In Defense of Fairy Tales


The other day I saw the first half of an Albert Einstein quote: “If you want your children to be intelligent, read them fairy tales. If you want them to be more intelligent…” At this point the quote was cut off, and of course my mind went to something like “read math books!” or how about “read the newspaper!” But no, I found out later it ends with this shocker: “read more fairy tales.” Yes, that’s THE Albert E=mc2 Einstein. Same one.

The intelligentsia often dismiss fairy tales as unimportant or as bad examples that create unrealistic expectations of love and teach women to desire to be rescued rather than rescue themselves. You’ve heard all the criticisms if you’ve hung out with anyone who’s ever been to college.

But to me, there’s something primal about a fairy tale—its hypnotic storytelling teaches us things without us feeling like we’re being taught. And in these days of mass shootings and unimaginable brutality, it’s more important than ever to hear messages of kindness and courage.

My girls and I had just been to see the new Disney Cinderella the day before I saw Einstein’s quote. “It’s directed by Kenneth Branagh,” I said to them on our way into the theater, “so it can’t be too bad.” In fact, it was delightful, with the overall message being one of “kindness and courage.” Of course, it being Disney, it was magical, beautiful, and appropriately funny. We had no complaints.

However, I told my girls afterward, the originals are a little bit different than their modern Hollywood counterparts. So the next day, while we drove to a faraway mall to buy a prom dress for my daughter (I’m not kidding!), we brought along Grimm’s Fairy Tales and I had her read their version of Cinderella’s story to us in the car.

What’s wonderful about the Grimm brothers’ version is that it’s actually still very much the story of Cinderella we know and love today. There are some differences, though, such as the original ball takes place over three days, and Cinderella runs away three times—so in fact, it wasn’t just a one-night stand sort of thing; she and the prince did get to know each other over several days.

Perhaps the biggest surprise, though, is that the father never died. He was present throughout the entire mistreatment of his daughter. And the stepmother actually made both of her own daughters cut off parts of their feet in order to fit into the shoes.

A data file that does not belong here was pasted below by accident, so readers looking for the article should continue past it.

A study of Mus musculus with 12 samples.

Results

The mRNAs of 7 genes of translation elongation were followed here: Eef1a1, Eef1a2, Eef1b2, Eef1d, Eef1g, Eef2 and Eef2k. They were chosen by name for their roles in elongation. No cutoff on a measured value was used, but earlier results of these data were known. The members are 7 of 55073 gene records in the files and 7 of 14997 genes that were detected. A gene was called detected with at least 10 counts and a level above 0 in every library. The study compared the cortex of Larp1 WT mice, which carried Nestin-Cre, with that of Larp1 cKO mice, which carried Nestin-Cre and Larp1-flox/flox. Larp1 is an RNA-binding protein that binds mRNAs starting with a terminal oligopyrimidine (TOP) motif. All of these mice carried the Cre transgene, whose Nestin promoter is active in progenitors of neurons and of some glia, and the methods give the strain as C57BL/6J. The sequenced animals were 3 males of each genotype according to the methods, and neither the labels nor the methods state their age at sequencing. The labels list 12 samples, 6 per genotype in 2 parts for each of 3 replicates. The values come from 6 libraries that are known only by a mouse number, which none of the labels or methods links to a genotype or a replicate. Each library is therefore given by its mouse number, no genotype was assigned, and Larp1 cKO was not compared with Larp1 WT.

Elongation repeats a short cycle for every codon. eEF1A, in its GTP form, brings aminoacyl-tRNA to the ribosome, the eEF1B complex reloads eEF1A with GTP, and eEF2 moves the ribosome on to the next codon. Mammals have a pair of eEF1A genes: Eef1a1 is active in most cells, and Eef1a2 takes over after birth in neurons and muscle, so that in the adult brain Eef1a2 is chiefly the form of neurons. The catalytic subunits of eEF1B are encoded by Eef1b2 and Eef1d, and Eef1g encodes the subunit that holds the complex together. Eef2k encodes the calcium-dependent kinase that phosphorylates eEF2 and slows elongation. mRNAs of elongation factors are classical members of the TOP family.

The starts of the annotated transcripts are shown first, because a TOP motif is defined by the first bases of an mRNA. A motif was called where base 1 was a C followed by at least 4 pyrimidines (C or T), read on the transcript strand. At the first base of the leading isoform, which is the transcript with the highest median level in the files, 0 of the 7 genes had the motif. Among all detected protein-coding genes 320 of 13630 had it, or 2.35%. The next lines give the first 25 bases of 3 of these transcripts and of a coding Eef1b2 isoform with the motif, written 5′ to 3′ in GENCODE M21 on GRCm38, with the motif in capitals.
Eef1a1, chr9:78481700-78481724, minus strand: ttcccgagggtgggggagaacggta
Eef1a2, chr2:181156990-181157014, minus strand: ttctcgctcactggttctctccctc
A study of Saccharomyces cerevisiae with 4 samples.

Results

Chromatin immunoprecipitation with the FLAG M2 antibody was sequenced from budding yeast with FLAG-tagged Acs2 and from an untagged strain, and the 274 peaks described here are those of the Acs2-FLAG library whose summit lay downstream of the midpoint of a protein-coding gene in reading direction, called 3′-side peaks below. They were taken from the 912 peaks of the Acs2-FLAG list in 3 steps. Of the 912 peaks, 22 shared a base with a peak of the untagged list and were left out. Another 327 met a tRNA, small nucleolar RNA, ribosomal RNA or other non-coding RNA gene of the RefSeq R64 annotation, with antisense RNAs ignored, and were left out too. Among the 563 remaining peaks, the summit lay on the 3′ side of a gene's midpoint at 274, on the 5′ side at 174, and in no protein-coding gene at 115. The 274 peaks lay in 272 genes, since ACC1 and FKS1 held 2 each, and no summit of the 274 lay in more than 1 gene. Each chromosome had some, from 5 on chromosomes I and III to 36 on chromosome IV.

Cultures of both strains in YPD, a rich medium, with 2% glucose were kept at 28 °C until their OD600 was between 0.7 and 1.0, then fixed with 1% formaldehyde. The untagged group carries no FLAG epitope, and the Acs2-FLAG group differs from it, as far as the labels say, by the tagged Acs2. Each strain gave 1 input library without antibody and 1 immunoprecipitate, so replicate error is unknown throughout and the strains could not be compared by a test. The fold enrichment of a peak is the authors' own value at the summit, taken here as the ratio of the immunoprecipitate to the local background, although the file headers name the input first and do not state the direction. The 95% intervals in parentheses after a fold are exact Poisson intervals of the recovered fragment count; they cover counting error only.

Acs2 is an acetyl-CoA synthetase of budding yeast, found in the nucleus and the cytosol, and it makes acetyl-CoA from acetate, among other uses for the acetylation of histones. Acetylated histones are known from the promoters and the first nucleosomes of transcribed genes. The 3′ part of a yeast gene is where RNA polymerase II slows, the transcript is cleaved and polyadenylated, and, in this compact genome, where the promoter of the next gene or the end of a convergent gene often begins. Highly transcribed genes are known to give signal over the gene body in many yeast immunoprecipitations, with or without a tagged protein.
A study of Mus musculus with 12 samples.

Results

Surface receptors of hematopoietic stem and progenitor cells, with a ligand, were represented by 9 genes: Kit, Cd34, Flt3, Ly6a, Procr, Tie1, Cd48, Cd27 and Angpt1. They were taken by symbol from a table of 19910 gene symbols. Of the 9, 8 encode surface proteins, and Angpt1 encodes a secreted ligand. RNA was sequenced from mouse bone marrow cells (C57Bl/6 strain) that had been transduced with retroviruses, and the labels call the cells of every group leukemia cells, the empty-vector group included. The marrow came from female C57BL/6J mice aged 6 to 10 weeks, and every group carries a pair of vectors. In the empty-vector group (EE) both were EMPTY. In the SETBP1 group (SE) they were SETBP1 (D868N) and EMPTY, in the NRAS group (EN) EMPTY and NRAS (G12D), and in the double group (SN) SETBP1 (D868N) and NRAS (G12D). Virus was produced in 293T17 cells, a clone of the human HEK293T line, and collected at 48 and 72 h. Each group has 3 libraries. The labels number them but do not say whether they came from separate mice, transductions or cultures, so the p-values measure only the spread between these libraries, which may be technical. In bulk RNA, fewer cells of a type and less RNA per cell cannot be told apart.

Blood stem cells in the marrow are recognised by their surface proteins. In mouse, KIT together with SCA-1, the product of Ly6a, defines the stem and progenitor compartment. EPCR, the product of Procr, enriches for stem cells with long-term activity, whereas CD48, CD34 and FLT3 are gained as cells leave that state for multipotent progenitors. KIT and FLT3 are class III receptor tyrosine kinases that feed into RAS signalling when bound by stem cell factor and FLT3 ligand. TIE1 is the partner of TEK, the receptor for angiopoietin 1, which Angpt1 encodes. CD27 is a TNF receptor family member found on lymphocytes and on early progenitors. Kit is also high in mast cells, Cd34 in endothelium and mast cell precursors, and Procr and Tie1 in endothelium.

The horrors found in fairy tales are not just fables. The harsh parental behaviors found in Cinderella have precedence in history—from mothers binding their daughters’ feet in China to fathers using their daughters for economic gains. And it still happens today with genital mutilation and parents selling their children into the sex trade, slavery, or marriage.

So suddenly, the prince saving Cinderella takes on even more relevance, since she truly is a prisoner of both her parents.

And lastly, in the Grimm version, the fairy godmother is represented by nature. So it is nature that both rewards Cinderella’s kindness by giving her gifts and punishes her jealous stepsisters by having doves pluck out their eyes in the end.

The best academic book I’ve read on Cinderella is Cinderella and Her Sisters: The Envied and the Envying, by Ann and Barry Ulanov. If you’re at all interested in delving into the symbolism of fairy tales—Cinderella specifically—I highly recommend it.

As you can see from the title, Cinderella is as much a story about the dangers of envy as it is about the power of love. We all know people who are consumed by envy. We all know people who have grown up with “fairy tale” parents—less than kind and in fact hurtful (not always intentionally). And we all know people who handle the ashes that life gives them with kindness and courage.

So yes, Albert, more fairy tales, not fewer. After all, fairy tales do encourage everyone to dream, to imagine a world that is good and just, and to wonder about the universe—exactly the type of skills required to come up with something like the Theory of Relativity.

If you want your children to be intelligent, read them fairy tales. If you want them to be more intelligent, read them more fairy tales. —Albert Einstein



  1. Donna in Delaware March 25, 2015 at 7:05 pm #

    Ah yes! I love fairy tales. They are wonderful, strange, mystifying, educational and much much more! They may cause one to dream about any, all and everything,. They may cause one to try any, all or everything. As long as you can keep it real, I see no harm in fairy. It reminds me of that old ANITA BAKER song, fairy tales. Listen to it, you’ll understand what I mean. Like Kipling said, “Dream, but don’t make dreams your master”.

  2. Donna in Delaware March 25, 2015 at 7:05 pm #

    I meant, I see no harm in fairytales.

  3. Donna in Delaware March 25, 2015 at 7:06 pm #

    Song, “Fairy Tales”- Anita Baker. Good one!

  4. Granann March 26, 2015 at 11:56 am #

    For a different fairy tale perspective, try reading Mercedes Lackey’s Five Hundred Kingdoms stories starting with The Fairy Godmother. These are not children’s fairy tales but young adults and adults should enjoy them.